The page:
Electrolyte Imbalance & Dehydration

June 12, 2017

Article Written By Laura Ruhlmann, DPT

During these hot summer months, I often have patients complaining of increased muscle cramps. My first response is always, “How are your hydration levels? And not just water.”

Muscles require sufficient electrolytes (sodium, magnesium, potassium, chloride) to function at optimal levels.   When these electrolytes become imbalanced or deficient, the body’s electrical impulses can become disrupted, leading to muscle cramps. 

Common causes of electrolyte imbalances include: sweat, urination, diarrhea, medication side effects (as when taking diuretics), or problems with absorption. Long-distance athletes and those who exercise regularly (especially outside in the hot summer months) are prone to cramps.  The elderly are more susceptible to dehydration than younger people.  This can be due to multiple reasons including lack of thirst sensation, naturally occurring changes in water and sodium balance, and polypharmacy (or taking multiple medications).

Sports drinks can make an excellent hydration choice as they have added electrolytes.   For exercise lasting > or = to 60 minutes, sports drinks can boost endurance performance compared to just drinking water.   Looking for a more natural option? Fruit can also be used to re-fuel and reboost carbohydrates after a workout.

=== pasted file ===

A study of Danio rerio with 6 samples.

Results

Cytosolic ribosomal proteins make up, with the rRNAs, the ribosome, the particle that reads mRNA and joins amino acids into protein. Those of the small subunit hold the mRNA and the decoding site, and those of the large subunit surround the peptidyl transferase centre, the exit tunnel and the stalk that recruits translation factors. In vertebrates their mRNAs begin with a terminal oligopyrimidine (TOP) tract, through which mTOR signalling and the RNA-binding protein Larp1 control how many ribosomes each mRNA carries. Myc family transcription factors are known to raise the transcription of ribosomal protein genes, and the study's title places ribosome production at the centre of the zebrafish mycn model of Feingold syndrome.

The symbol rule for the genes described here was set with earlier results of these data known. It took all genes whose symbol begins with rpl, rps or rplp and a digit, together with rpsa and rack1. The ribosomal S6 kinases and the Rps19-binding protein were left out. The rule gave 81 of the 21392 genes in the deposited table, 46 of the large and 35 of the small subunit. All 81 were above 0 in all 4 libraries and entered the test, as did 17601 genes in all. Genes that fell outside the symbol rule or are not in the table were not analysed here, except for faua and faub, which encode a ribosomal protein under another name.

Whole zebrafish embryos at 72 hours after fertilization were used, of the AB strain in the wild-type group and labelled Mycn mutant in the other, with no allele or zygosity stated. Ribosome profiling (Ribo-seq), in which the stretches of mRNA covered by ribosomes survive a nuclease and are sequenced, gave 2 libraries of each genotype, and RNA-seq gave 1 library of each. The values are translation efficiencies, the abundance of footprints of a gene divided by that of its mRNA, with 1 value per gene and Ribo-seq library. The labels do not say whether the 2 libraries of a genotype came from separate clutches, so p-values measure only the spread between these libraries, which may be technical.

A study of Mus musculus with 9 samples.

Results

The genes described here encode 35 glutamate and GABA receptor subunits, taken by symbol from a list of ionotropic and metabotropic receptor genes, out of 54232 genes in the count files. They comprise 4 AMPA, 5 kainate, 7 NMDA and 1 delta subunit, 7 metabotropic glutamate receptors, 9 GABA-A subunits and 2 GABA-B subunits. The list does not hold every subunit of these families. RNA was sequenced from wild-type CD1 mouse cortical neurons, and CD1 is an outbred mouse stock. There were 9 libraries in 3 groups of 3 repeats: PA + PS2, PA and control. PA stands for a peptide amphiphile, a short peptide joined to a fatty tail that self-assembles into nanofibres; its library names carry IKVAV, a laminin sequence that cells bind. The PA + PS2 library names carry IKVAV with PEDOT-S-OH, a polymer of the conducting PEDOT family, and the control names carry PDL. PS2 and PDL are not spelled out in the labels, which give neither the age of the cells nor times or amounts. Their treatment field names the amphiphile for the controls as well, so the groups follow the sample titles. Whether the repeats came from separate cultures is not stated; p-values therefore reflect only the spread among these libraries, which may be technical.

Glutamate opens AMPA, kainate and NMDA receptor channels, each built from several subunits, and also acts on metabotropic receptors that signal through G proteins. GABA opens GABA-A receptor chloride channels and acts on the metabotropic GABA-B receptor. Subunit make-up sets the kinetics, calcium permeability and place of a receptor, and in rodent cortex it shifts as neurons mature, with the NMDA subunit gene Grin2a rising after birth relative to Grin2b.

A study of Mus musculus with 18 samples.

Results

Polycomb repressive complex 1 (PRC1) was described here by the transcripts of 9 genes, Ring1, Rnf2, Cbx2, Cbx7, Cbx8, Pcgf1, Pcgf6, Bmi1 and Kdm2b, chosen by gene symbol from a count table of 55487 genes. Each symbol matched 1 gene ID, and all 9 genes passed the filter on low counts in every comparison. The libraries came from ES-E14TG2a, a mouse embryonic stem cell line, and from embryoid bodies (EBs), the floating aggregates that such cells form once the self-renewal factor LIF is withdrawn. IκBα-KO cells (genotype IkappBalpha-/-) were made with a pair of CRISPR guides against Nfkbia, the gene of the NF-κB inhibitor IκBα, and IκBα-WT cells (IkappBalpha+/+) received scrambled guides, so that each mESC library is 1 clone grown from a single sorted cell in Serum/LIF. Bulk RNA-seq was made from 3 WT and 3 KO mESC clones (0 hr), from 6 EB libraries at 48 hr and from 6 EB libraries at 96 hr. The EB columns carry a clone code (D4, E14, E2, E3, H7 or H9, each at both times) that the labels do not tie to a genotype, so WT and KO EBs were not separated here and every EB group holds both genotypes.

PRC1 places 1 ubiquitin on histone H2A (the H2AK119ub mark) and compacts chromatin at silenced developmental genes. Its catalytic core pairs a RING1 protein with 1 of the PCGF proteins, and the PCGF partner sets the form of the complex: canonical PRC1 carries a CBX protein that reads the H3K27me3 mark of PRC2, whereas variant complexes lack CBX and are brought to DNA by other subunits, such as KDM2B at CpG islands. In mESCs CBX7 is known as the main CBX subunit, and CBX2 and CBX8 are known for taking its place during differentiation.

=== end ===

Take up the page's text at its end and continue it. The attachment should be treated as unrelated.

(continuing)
References

American College of Sports Medicine. (2011). Selecting and Effectively Using Sports

Drinks, Carbohydrate Gels and Energy Bars. Retrieved from: www.acsm.org

Muscle Cramps and Spasms: The Electrolyte Misconnection. Retrieved from:                   

https://eletewater.co.uk

Schols, J.M., DeGroot, C.P., van der Cammen, T.J., & Olde Rikkert, M.G. (2009).

Preventing and treating dehydration in the elderly during periods of illness and warm weather. The Journal of Nutrition, Health & Aging, 13(2), 150-157.  Abstract retrieved from PubMed.gov. (PMID: 19214345).